A tiny piece of wood
On the second day of the survey, we had a chance to do two dives; one in the morning, one in the afternoon. The morning dive picked up where we left yesterday, only now with three divers instead of two (Mr. Yoshida, Mr. Takahashi and Mr. Hayashibara). Like yesterday, the idea was to circle-search in a radius of approximately 30 metres, now with all three divers on the line, separated from each other by 2 metres. Rods were brought along to prick the sandy seabed to see if there’s anything underneath soft enough to be penetrated, such as wood. Unfortunately, time and time again, after penetrating about 30 centimetres of sand, we hit rock. Visibility this time was even worse, being approximately 2 to 3 metres. To make things even more difficult, the area now searched was riddled with patches of tall eelgrass (Zostera caulescens most likely), some reaching as high as 5 metres (!). It occasionally turned the seabed in a downright jungle. The rope attached to the central buoy to make the circle, got tangled up multiple times. Though at the end of the dive, Takahashi-san did bring back a tiny piece of wood from the area that should be close to the location described by Yoshida-san last year. Naturally we need more than just one tiny piece of wood to even have the start of inkling that we’ve found wreckage material, but at least it's something.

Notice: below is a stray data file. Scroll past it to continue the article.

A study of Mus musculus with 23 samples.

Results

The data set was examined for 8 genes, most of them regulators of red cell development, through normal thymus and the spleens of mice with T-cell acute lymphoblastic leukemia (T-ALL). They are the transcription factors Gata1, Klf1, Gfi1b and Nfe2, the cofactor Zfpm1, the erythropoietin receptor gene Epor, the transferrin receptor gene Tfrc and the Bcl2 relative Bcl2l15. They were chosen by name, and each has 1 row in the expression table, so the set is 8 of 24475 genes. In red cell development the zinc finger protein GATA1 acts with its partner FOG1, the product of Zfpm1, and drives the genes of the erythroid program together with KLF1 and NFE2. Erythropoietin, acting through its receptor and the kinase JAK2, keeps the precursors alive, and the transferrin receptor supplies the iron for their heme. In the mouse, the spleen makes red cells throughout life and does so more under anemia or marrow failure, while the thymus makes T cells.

After lunch we came back to the harbour for the second dive. We were welcomed by a group of enthusiastic supporters. Among them was Ms. Munakata of the Society of Kanrin-maru Crew Descendants. She is actually the descendant of the head of the Nagasaki Naval Training Centre, whose name was Admiral Kimura Settsu-no-Kami. The centre itself was established around 1855 with the aid of Dutch naval officer G.C.C. Pels Rijcken, who was leading the detachment of Dutch navy officers stationed at Nagasaki. Pels Rijcken and other Dutch officers provided the Japanese with the latest in Dutch naval training until they were relieved from their duty by the men who brought the Kanrin Maru to Japan in 1857. Other supporters that day were Kubo-san of the Society for Dreaming About The Kanrin Maru and Wajima-san, special member of the Kaiyo Maru descendants. The Kaiyo Maru was a ship built by the C. Gips & Zonen in Dordrecht in 1865, it wrecked in nearby Esashi in 1868. Its shipwreck was already partly researched and excavated in the late 1980s, but there is still shipwreck material in the harbour of Esashi, Hokkaido. The area is now a nationally protected site and there are plans to re-evaluate the current condition of the material, to see whether or not further protection is required.
Needles to say
The second dive of the day, rather unfortunately, yielded no significant breakthroughs. Each dive however, brought us new insights into where not to look, while it also gave us a proper and up-to-date understanding of the conditions of the seabed, seeing as it was mostly sand and pebbles covering the area that we searched. This is also a crucial part in research. All in all, it remains a search for the good ole’ needle in the haystack.
Tomorrow is our last day of diving. With only one dive to go, all effort is focussed in our least endeavour. Let’s hope for the best.
From 7 to 9 September, the Maritime Programme and Tokyo University of Marine Science and Technology conducted a dive survey at Kikonai, Hokkaido (Japan), in an effort to locate the shipwreck of the Kanrin Maru. Leon Derksen participated on behalf of the Maritime Programme. Follow his blogs and vlogs here and on social media with #KanrinMaru.